Todd Chrisley slandered Georgia tax investigator, jury finds

Incarcerated former reality television star hit with $755K verdict
Todd Chrisley outside the federal trial court in Atlanta in 2022. He was found liable Thursday in a civil slander case brought against him by a Georgia Department of Revenue investigator, who was awarded $755,000 by a jury. (Natrice Miller /

Credit: Natrice Miller /

Credit: Natrice Miller /

Todd Chrisley outside the federal trial court in Atlanta in 2022. He was found liable Thursday in a civil slander case brought against him by a Georgia Department of Revenue investigator, who was awarded $755,000 by a jury. (Natrice Miller /

Embattled former reality television star Todd Chrisley has to pay $755,000 to a Georgia Department of Revenue investigator he slandered in podcasts and on social media, a Georgia jury has decided.

Chrisley, a former Atlanta multimillionaire who led the “Chrisley Knows Best” show about his family, was found liable Thursday by eight jurors in a civil case brought against him by Amy Doherty-Heinze. She had a small role in the state’s investigation of the Chrisleys’ taxes, case records show.

The jurors awarded Doherty-Heinze $350,000 in compensatory damages, $170,000 in punitive damages and $235,000 in attorney fees and costs, wrapping an almost weeklong trial in the same federal court in which Chrisley and his wife were found guilty in 2022 of bank fraud and tax evasion.


The couple are serving prison sentences in the criminal case, in which they were ordered to pay $17.2 million in restitution. They recently settled for $1 million a civil case they brought against a different Georgia Department of Revenue official in relation to the state’s investigation.

Chrisley was not in court for the Doherty-Heinze trial but testified remotely from prison. The jurors found him liable on two claims of libel and slander, and not liable on a third claim of slander.

Leesa Guarnotta, an attorney for Chrisley, said he plans to appeal.

“Although we are pleased the jury recognized that some of Mr. Chrisley’s statements were not defamatory and awarded the plaintiff a fourth of the damages she requested, we are concerned about the state of the First Amendment where such a case could make it to trial in the first place,” Guarnotta said Friday.

Nicole Jennings Wade, an attorney for Doherty-Heinze, said the jurors did a great job.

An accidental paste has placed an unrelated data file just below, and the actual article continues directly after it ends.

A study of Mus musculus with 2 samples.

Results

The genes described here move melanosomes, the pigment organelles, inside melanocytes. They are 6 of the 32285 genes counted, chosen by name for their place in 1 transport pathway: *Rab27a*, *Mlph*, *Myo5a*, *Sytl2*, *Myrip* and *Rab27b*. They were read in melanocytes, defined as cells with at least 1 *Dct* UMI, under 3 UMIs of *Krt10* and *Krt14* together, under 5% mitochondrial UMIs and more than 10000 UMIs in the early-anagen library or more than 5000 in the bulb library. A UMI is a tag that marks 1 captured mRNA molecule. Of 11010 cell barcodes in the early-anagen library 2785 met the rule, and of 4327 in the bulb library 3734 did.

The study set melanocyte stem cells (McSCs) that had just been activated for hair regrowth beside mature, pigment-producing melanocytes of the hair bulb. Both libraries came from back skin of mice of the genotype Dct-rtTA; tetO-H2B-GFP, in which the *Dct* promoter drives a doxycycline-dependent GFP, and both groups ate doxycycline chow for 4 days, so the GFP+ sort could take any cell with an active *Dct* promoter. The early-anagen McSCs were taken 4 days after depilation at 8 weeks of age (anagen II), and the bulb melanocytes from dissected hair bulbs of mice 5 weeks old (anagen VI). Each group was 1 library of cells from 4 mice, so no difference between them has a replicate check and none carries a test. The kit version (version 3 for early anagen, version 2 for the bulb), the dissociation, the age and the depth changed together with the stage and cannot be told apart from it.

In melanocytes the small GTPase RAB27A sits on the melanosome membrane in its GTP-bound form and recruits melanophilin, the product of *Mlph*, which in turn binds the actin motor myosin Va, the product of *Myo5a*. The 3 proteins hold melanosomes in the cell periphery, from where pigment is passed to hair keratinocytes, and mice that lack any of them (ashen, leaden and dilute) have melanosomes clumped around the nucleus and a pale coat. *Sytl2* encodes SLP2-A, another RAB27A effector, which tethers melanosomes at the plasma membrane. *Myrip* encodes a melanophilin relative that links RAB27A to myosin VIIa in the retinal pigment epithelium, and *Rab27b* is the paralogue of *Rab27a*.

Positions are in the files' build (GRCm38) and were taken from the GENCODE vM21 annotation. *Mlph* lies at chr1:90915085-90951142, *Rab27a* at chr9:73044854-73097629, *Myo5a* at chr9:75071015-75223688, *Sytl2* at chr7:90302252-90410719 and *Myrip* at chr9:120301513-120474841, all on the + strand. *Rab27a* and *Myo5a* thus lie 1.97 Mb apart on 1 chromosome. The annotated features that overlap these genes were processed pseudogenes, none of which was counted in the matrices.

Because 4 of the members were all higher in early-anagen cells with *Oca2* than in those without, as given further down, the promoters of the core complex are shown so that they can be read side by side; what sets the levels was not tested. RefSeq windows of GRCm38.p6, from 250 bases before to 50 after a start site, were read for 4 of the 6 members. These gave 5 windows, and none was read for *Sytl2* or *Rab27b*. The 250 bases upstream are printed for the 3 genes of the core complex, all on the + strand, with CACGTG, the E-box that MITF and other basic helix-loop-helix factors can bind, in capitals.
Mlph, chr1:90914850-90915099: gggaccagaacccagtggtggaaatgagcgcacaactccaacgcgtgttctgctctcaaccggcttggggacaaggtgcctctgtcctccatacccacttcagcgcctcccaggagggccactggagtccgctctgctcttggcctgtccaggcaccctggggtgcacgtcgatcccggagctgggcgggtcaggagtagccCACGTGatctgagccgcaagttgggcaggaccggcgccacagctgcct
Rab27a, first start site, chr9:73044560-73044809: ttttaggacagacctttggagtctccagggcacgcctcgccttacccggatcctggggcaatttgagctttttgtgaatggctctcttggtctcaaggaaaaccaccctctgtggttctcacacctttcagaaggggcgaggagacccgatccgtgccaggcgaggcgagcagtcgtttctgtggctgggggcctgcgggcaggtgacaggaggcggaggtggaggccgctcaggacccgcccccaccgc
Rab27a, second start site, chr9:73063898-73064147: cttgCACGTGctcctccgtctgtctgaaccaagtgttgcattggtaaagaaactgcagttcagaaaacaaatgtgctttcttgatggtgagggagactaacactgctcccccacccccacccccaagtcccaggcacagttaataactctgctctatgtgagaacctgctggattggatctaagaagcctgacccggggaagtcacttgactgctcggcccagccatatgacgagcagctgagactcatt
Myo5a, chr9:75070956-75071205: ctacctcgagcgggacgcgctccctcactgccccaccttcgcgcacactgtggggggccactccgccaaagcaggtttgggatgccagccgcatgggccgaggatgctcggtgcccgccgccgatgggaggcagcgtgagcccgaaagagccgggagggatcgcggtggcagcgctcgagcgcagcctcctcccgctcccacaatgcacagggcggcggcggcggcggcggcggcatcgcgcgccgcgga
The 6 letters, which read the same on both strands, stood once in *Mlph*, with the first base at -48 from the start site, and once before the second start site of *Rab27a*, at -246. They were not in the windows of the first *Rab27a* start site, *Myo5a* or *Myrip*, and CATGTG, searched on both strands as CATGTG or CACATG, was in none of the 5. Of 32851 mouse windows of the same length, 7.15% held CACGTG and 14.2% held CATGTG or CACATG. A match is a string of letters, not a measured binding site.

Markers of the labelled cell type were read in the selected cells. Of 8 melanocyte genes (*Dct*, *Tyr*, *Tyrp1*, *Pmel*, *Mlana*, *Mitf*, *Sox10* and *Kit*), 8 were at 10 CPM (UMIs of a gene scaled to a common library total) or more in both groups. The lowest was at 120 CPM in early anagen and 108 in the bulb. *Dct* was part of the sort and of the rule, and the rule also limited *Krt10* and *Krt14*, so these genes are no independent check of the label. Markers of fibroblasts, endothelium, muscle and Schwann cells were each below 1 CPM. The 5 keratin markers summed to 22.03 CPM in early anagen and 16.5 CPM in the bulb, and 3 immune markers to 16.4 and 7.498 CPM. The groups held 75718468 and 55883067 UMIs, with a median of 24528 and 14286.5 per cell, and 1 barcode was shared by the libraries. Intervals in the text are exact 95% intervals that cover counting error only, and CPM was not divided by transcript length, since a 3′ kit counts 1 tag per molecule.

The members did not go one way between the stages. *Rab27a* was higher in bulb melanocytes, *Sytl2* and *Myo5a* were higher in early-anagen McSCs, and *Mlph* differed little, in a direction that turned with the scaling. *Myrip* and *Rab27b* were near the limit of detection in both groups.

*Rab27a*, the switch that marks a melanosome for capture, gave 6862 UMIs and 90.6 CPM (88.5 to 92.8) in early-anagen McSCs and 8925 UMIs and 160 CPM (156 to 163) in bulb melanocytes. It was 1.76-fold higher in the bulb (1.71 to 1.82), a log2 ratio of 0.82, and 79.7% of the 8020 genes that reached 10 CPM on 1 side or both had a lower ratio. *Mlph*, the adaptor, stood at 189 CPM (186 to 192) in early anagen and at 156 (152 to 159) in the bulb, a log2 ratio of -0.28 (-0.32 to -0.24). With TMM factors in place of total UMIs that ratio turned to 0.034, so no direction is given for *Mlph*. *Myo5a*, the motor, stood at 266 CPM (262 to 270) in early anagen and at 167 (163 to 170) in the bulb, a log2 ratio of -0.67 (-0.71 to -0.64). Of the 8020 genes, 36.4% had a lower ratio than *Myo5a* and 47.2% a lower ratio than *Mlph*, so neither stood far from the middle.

“Amy is thrilled because this has been hanging over her head for four years now – all these lies,” Jennings Wade told The Atlanta Journal-Constitution. “So she’s absolutely thrilled to be vindicated.”

Doherty-Heinze alleged that Chrisley made more than 20 defamatory statements about her in public posts on his Instagram and Facebook accounts and on his “Chrisley Confessions” podcast in 2020 and 2021. He labeled her a corrupt criminal, she claimed.

Chrisley said Doherty-Heinze illegally used the Georgia Crime Information Center to obtain information about him and his wife and children, and destroyed evidence in the state’s investigation of his taxes, she alleged. He also said that she had enjoyed a trip to Disney World on the taxpayers’ dime, among other things, records show.

In case filings, Chrisley responded that his statements about Doherty-Heinze were factually or substantially true and made in good faith. He claimed he merely repeated information he had received from others within the Georgia Department of Revenue and from documents obtained through open records requests about department staff.

Jennings Wade said the jurors found that all of the statements Chrisley made about Doherty-Heinze were false and defamatory, though they didn’t reach the level of liability in respect to one of the claims. She said Doherty-Heinze doesn’t expect to receive any of the money awarded to her in the case, given Chrisley’s $17.2 million criminal restitution obligation.

“This wasn’t about the money,” Jennings Wade said Friday. “She wanted a jury to say ‘We believe you.’ And they did.”

Case records show that Doherty-Heinze sought millions of dollars in damages against Chrisley.

Chrisley and his wife, Julie Chrisley, were sentenced in late 2022 to 12 and seven years in prison, respectively, in relation to a $36 million bank fraud scheme and federal tax evasion. Their former accountant, Peter Tarantino, was sentenced to three years in prison and fined $35,000 for his involvement in the tax evasion.

Federal appellate judges are scheduled to hear arguments in Atlanta on April 19 in the trio’s bid to overturn various aspects of the criminal case.

The Chrisleys’ bank fraud scheme related to 29 loans they received from almost a dozen banks, many of which were community banks in the Atlanta area, records show. The $36 million in loans spanned several years from 2006 and put three banks into receivership, prosecutors said.

Prosecutors also claimed the couple, who moved from Atlanta to Nashville, hid the millions of dollars they earned from their television show within one of their companies, so the Internal Revenue Service couldn’t recover hundreds of thousands of dollars in unpaid personal taxes.

The Georgia Department of Revenue settled its tax evasion case against the Chrisleys in 2019.